A developer is seeking consent to bulldoze the most historic part of a landmark building with links to the creator of Sherlock Holmes.

Burry & Knight was given the go-ahead to demolish the Lyndhurst Park Hotel after vowing to retain the facade, which Sir Arthur Conan Doyle helped redesign in 1912.

Sir Arthur was a frequent visitor to the area and briefly lived in Minstead, where he and his wife are buried.

Most of the hotel has already been torn down as part of a multi-million-pound scheme to transform the site by building 79 homes.

Now Burry & Knight, part of Hoburne Developments, has applied for planning permission to demolish the section it has previously pledged to preserve.

Burry & Knight says the front of the hotel is in a poor state of repair and in danger of collapsingBurry & Knight says the front of the hotel is in a poor state of repair and in danger of collapsing (Image: Newsquest)

A structural report submitted to the New Forest National Park Authority (NPA) says the building stood vacant for a long time - "unheated and unmaintained" - before it was bought by Hoburne in 2019.

It adds: "A section has partially self-demolished and further sections of the building appear to be in danger of collapse in the near future."

READ MORE: Former Lyndhurst Park Hotel demolished to make way for almost 80 homes and three shops

Burry & Knight is promising to recreate the facade if its plan to knock down the existing structure is approved.

A design and access statement that accompanies the application says: "Visually there will be no discernible difference between the approved scheme and that now proposed."

A heritage statement adds: "The building has only low architectural and low-moderate historic interest derived almost entirely from its association with Sir Arthur Conan Doyle.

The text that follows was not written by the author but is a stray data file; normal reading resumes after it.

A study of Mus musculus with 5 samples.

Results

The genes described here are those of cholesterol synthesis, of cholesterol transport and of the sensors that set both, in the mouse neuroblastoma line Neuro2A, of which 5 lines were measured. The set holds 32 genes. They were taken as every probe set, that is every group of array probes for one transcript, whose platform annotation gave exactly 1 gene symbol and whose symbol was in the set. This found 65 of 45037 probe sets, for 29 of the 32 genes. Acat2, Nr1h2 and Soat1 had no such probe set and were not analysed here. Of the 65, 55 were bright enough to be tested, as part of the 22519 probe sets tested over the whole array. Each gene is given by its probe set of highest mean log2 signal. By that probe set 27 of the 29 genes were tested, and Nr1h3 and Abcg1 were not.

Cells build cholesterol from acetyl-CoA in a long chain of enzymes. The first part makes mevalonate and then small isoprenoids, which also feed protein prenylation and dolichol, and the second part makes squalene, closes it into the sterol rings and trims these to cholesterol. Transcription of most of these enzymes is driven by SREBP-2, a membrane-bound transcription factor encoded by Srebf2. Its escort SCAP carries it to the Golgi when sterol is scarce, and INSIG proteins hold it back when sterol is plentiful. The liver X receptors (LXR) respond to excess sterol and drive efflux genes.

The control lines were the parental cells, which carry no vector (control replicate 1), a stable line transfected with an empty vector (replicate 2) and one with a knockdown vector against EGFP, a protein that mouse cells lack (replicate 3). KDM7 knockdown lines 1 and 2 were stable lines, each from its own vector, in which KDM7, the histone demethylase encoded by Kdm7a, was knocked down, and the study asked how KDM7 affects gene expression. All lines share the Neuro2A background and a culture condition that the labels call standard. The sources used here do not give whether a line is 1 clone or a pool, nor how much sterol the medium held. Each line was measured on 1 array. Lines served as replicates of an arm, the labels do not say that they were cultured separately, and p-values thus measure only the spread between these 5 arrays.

"Due to structural failure, the building requires demolition and a like-for-like design is proposed that respects the former scheme."

Part of the former Lyndhurst Park Hotel collapsed in 2020 - six years after it closedPart of the former Lyndhurst Park Hotel collapsed in 2020 - six years after it closed (Image: Supplied)

In a statement, Paul Campbell, director of development at Hoburne, blamed the "years of disrepair" that occurred before Burry & Knight became involved.

He said additional damage was caused when part of the building collapsed, which meant removing and rebuilding the historic section of the hotel was the only viable option.

"Our plans show the design of the replacement building will reflect the scheme that has already been approved."

But Lyndhurst councillor Hilary Brand said: "Some people will be very disappointed."

NPA member David Harrison said it was always necessary to look "very carefully" at any new plan submitted by a developer who had to alter a previously approved proposal.

"The planners will need to know what has materially changed since the original permission was granted," he said.

"If the developer can demonstrate a justification, and provide necessary assurances about the new proposal, then that may be agreed.”